Friday, October 09, 2015

Zero Base Budgeting: Meaning, Benefits, Limitations and Steps

Zero Base Budgeting
ZBB is defined as ‘a method of budgeting which requires each cost element to be specifically justified, as though the activities to which the budget relates were being undertaken for the first time. Without approval, the budget allowance is zero’.
Zero – base budgeting is so called because it requires each budget to be prepared and justified from zero, instead of simple using last year’s budget as a base. In Zero Based budgeting no reference is made to previous level expenditure. Zero based budgeting is completely indifferent to whether total budget is increasing or decreasing. 
‘Zero base budgeting’ was originally developed by Peter A. Pyher at Texas Instruments. Peter A. Pyher has defined ZBB as “an operating, planning and budgeting process which requires each manager to justify his entire budget request in detail from scratch (hence zero base) and shifts the burden of proof to each manager to justify why we should spend any money at all”.
CIMA has defined it “as a method of budgeting whereby all activities are revaluated each time a budget is set."

Benefits and Limitations of Zero Base Budgeting
The major benefits(Need) of the use of zero base budgeting can be the following:

a)      Zero base budgeting examines all existing and new programmes and activities. It also makes the managers analyse their functions, establish priorities and rank them. This exercise helps in identifying inefficient or obsolete functions within the area of responsibility. In this way resources are allocated from low priority programmes to high priority programmes.
b)      This system facilitates identification of duplication of efforts among organisational units. Such inefficient activities are eliminated and some other activities are merged. 
c)       All expenditures, under this system are critically reviewed and justified and all operations activities are evaluated in greater detail in terms of their cost- effectiveness and cost-benefits. This requires managers to find alternative ways of performing their activities which may result in more efficient procedures.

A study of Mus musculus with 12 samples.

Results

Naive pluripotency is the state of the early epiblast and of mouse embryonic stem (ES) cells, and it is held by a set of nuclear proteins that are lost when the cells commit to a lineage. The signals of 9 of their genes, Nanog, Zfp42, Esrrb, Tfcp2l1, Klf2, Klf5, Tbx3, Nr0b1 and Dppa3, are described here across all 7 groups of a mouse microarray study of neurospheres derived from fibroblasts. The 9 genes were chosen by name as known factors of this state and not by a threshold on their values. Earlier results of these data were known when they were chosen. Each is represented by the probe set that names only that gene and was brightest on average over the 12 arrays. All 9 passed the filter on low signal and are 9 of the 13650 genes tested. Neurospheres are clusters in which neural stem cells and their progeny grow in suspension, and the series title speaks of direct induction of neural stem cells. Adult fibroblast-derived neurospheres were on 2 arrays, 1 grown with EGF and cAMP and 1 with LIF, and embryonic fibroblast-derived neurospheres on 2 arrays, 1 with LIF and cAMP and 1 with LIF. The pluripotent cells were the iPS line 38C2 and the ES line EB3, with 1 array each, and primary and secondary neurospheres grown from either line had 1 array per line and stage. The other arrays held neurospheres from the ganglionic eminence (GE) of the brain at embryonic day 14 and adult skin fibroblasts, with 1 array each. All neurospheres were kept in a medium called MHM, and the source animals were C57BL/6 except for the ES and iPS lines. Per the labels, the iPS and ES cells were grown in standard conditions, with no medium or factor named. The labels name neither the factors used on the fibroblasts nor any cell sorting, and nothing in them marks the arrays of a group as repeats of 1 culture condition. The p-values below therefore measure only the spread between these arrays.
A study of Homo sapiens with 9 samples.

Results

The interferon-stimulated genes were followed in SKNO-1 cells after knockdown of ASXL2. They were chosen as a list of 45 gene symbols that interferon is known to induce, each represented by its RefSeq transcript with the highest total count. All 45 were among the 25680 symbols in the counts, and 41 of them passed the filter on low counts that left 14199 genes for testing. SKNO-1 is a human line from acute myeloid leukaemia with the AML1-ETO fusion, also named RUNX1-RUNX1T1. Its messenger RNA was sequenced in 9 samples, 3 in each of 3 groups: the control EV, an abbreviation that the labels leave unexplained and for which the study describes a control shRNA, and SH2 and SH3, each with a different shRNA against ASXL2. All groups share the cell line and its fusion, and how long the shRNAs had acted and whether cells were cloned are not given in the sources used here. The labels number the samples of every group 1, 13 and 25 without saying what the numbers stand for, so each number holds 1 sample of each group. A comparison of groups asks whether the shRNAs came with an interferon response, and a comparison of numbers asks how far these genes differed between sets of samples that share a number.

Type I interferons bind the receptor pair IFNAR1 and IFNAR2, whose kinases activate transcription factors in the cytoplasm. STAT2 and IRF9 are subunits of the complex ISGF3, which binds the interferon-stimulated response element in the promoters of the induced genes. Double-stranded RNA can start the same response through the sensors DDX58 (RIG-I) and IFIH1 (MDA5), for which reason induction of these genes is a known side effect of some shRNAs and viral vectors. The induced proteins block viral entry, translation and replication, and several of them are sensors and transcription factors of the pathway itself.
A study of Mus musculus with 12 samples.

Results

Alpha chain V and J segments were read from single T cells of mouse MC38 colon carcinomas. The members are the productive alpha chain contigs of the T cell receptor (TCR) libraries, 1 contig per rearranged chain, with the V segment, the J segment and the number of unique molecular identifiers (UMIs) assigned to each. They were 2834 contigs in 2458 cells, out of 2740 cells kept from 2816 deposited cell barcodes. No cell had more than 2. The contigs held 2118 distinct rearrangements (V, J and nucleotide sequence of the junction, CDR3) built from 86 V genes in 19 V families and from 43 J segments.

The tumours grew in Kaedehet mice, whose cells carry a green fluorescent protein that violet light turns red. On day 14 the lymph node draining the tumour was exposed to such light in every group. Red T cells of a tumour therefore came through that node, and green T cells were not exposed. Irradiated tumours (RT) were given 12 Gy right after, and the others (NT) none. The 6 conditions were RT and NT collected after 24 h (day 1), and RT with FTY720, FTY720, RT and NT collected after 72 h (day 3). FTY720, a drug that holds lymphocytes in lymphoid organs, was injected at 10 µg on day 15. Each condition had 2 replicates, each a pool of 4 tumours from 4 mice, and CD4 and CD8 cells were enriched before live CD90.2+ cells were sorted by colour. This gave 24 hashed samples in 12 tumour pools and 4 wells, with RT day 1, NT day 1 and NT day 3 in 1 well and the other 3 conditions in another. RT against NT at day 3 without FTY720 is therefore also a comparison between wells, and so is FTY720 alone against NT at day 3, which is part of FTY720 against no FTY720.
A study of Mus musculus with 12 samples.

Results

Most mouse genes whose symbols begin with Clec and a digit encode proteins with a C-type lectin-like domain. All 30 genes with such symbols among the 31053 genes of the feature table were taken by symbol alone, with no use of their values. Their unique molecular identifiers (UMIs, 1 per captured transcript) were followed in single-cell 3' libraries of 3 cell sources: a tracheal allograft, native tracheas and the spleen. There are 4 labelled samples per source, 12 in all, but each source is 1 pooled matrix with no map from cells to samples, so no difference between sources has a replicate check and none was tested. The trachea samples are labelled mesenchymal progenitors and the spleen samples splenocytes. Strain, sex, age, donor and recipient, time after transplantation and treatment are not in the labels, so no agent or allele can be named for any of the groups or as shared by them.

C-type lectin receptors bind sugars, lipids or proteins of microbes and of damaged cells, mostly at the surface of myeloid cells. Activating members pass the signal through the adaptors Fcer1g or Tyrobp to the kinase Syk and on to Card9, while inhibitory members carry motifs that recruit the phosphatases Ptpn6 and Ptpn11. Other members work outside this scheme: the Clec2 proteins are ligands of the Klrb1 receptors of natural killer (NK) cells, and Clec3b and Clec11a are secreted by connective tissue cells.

d)      ZBB promotes the tendency to initiate studies and improvements during the period of operation as the persons at the helm of affairs know that the process would be exercised next year and their knowledge and training would enhance efficiency and cost-effectiveness. 
e)      ZBB provides for quick budget adjustments during the year. If revenue falls short in this process, it offers the capability to quickly and rationally modify goals and expectations to correspond to a realistic and affordable plan of operations. 
f)       ZBB ensures greater participation of personnel in formulation and ranking processes. This helps in promoting level of job satisfaction and thus resulting in better control and operational efficiency in the organisation. 
g)      Zero base budgeting is a flexible tool that can be applied on a selective basis. It does not have to be applied throughout the entire organisation or even in all the service departments. Keeping in view the limitations of time, money and persons available to install, operate and monitor it the management thus can select priority areas to which zero base budgeting may be applied. 

Limitations of ZBB can be summed up as:
a)      It challenges the past practices, performance, attitudes, of people. 
b)      It requires more time and effort. 
c)       Detailed costs and necessary information for decision packages often are not made available. 
d)      It increases paper work to unmanageable proportions. 
e)      Ranking a large number of decision packages becomes an unwieldy process. 
f)       Identifying various levels of funding, particularly the minimum level is a difficult task.

Steps in Zero-Base Budgeting
a)      Determination of Objectives: The first step in ZBB is the clear definition of the objectives of budgeting. The objective may be to reduce expenditure on staff, to discontinue an activity or project in preference to another etc.
b)      Determination of the Extent of Application: Whether ZBB should be introduced in all operational areas or only in some selected areas is to be decided.
c)       Identification of Decision Units: Decision unit refers to a department, a project or a product line to which ZBB is to be applied. Identification of such units is done in consultation with managers.
d)      Cost-Benefit Analysis: Cost benefit analysis is undertaken for each activity of the decision unit. It provides answers to the following questions.
1.       Is it necessary to perform the activity at all? If the answer is in the negative, there is no need for proceeding further.
2.       How much is the actual cost and what is the actual benefit of the activity?
3.       What is the estimated cost and estimated benefit of the activity?
4.       If the unit is dropped, can the unit be replaced by outside agency?

e)      Preparation of budgets: The activities and projects for which benefit is more than the cost are ranked. Priority is accorded to the most profitable projects/activities, in the allocation of funds.